Lessons From My Father: Part 4

Patrick Wayne (left) on the set of  Hondo  with his father John Wayne (right), c. 1953.

Patrick Wayne (left) on the set of Hondo with his father John Wayne (right), c. 1953.

Patrick Wayne speaks volumes about the example set by a man of few words.

 As told to Jenn Thornton

Like his father, Patrick Wayne is a man not particularly prone to talk about himself. Having acted in 40 films, seven with his dad, the only one time Patrick remembers his father verbally “lay down the law” came on the set of The Comancheros, where Duke demanded Patrick learn the right way to ride a horse. And so he did—that famous Wayne work ethic proving a generational trait. What Patrick does say gets to the core of who John Wayne was and what he valued. “Turns out, the most important things to my dad—being trustworthy, reliable, and honest—are the most important things to me too,” says Patrick. Here, in the last installment of our Father’s Day series, Patrick picks up where his father left off.

BE GENUINE Without really knowing John Wayne the man, one could see how he could be an intimidating figure. “My dad would walk on to a set and literally everything came to a standstill,” Patrick admits. “But within five minutes, he would disarm everyone with his charm. He still had their attention, but he could communicate. Part of his disarming charm was because he was sincere, engaged, and really listened.”

HAVE DECENCY Like his siblings, Patrick is more grounded than one might expect from the son of a man who was the biggest star in Hollywood for decades. “The most shocking thing to me is that he’s still so popular,” says Patrick, noting the Duke’s top-five ranking in an ongoing popularity poll with those aged 18 to 26. Why? “Part of it is seeing old films,” he gathers, “but there was something so decent about my dad, and there is just something really attractive about decency, especially today.”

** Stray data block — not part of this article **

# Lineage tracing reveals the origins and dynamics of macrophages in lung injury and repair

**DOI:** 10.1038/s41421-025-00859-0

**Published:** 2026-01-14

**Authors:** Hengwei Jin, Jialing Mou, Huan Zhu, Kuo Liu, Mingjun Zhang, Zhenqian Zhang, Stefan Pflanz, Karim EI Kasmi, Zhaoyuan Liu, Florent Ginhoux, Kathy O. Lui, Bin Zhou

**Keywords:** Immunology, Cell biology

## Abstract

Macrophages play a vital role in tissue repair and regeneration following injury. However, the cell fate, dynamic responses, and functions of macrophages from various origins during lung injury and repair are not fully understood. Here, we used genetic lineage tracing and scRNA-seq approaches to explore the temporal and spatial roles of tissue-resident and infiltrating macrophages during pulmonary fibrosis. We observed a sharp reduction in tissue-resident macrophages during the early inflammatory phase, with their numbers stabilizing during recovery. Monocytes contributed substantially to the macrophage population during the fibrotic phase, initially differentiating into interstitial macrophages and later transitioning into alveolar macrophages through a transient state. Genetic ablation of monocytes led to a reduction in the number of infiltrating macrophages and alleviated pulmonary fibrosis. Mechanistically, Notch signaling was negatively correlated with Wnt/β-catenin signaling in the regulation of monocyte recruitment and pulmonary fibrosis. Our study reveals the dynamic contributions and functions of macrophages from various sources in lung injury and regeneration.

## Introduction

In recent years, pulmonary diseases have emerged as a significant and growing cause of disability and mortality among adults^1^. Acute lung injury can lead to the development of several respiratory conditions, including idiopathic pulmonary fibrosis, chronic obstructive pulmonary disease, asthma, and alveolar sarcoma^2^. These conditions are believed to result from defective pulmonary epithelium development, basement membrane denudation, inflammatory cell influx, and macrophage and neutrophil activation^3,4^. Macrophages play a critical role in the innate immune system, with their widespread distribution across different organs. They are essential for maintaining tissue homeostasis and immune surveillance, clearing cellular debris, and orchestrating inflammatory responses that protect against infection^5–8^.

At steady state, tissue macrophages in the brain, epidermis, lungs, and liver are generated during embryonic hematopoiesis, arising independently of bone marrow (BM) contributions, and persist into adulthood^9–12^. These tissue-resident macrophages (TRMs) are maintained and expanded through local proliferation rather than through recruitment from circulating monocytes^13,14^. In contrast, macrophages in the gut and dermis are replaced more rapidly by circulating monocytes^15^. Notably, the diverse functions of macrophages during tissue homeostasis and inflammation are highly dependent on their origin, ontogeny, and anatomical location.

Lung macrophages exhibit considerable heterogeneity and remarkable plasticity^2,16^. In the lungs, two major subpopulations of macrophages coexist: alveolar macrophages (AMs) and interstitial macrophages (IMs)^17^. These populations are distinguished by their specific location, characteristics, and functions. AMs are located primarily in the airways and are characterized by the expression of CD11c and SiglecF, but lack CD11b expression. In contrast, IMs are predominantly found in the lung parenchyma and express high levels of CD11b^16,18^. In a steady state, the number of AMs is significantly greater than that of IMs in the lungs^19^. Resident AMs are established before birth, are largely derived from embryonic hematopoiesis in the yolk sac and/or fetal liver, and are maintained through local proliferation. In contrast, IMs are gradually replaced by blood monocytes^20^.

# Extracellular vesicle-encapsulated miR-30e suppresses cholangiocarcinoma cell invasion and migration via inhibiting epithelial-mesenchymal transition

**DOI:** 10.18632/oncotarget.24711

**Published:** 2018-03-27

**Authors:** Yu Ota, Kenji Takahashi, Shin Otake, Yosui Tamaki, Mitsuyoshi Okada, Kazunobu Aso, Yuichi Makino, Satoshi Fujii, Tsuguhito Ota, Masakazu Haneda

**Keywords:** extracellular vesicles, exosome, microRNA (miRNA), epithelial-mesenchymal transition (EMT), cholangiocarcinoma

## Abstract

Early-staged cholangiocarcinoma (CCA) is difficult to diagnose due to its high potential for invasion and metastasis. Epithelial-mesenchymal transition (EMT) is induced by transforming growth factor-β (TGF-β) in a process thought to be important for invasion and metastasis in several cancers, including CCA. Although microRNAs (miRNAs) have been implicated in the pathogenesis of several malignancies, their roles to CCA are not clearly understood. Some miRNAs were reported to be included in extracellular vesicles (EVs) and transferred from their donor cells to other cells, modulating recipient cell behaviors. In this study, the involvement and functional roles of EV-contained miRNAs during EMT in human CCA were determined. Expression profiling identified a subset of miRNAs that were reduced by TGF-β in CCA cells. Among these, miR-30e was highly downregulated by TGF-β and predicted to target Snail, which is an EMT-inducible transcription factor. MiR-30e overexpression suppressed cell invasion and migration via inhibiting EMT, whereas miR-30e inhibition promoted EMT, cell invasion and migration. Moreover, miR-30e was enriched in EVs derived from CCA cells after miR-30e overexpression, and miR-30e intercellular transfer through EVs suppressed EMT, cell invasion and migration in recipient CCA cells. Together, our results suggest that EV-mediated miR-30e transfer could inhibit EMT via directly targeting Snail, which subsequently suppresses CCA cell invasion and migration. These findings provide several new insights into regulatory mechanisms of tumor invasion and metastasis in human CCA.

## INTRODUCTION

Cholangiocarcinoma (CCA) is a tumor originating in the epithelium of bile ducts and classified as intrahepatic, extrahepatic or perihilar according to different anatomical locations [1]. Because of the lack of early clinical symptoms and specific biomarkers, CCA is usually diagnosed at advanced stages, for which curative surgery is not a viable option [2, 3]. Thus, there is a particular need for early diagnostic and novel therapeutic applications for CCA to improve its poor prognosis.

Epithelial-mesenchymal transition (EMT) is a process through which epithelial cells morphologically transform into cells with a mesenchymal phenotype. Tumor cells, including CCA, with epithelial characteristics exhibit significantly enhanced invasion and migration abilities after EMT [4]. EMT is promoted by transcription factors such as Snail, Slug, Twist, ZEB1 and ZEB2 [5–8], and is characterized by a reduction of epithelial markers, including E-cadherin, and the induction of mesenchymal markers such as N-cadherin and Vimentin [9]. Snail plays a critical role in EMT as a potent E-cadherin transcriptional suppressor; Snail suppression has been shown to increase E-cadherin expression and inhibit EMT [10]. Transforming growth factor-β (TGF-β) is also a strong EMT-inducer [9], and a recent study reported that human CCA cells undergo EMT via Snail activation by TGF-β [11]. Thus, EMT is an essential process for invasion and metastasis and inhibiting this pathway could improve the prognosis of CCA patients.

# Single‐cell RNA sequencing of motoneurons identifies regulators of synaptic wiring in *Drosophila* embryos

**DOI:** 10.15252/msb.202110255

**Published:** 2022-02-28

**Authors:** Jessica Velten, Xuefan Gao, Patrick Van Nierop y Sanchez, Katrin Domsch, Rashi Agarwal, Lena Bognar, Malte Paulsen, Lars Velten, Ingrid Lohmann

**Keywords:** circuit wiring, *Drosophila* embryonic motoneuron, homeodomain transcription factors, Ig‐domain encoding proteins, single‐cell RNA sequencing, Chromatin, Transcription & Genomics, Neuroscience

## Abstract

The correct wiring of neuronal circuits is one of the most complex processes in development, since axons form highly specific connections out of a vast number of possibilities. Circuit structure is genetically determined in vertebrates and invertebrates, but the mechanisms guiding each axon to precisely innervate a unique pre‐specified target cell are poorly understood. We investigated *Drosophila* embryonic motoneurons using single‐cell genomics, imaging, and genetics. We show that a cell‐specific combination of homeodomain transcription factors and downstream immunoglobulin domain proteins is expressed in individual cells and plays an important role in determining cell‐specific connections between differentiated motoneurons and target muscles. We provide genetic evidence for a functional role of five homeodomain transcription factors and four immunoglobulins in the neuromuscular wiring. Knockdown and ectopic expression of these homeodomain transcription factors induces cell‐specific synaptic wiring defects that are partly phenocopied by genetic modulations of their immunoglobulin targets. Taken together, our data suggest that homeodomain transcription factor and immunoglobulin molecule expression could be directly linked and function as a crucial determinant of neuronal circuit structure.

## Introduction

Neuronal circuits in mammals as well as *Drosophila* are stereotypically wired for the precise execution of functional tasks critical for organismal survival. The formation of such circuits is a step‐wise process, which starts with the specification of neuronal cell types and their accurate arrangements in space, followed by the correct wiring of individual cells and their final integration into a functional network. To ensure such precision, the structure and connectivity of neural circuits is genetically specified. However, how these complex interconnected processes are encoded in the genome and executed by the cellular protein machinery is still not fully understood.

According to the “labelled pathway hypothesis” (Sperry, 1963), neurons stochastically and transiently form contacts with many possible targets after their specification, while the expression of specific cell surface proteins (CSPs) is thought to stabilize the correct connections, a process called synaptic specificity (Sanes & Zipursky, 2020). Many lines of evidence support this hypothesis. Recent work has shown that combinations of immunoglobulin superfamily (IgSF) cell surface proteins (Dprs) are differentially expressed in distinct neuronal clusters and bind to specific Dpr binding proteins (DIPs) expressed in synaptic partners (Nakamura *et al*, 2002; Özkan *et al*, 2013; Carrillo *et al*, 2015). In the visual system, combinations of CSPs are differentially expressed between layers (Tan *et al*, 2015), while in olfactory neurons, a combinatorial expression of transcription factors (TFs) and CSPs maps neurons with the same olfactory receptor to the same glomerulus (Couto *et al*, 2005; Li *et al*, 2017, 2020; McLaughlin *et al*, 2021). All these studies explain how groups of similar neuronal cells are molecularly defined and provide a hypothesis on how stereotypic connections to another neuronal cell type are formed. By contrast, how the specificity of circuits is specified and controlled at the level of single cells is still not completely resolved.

SHOW GRATITUDE “I loved being on set with my dad because I didn’t have to compete for his attention,” says Patrick. “Those were cherished times because he had this public persona too.” Which means the Duke had little down time off set, either. “My dad could go to a baseball game and never see an inning, he’d be signing autographs for everyone who wanted it,” Patrick says. “Everywhere he went he was in the presence of other people. But he never faltered. He always stopped and talked to everyone. He always appreciated his fan base.”

VALUE THE TIME YOU HAVE “My dad came from humble beginnings, so to him it wasn’t about money and fame. That was just a part of being ambitious; he wanted to be able to provide,” says Patrick considering the roots of his down-to-earth raising. “He worked hard, and we saw that. He really valued relationships, they were important to him.” On his boat Wild Goose, Patrick says he remembers his dad most at peace. “I think he was happiest out in the middle of the water somewhere, where he could just relax. He could recharge his batteries, be himself. I loved being out there with him. We valued those times together.”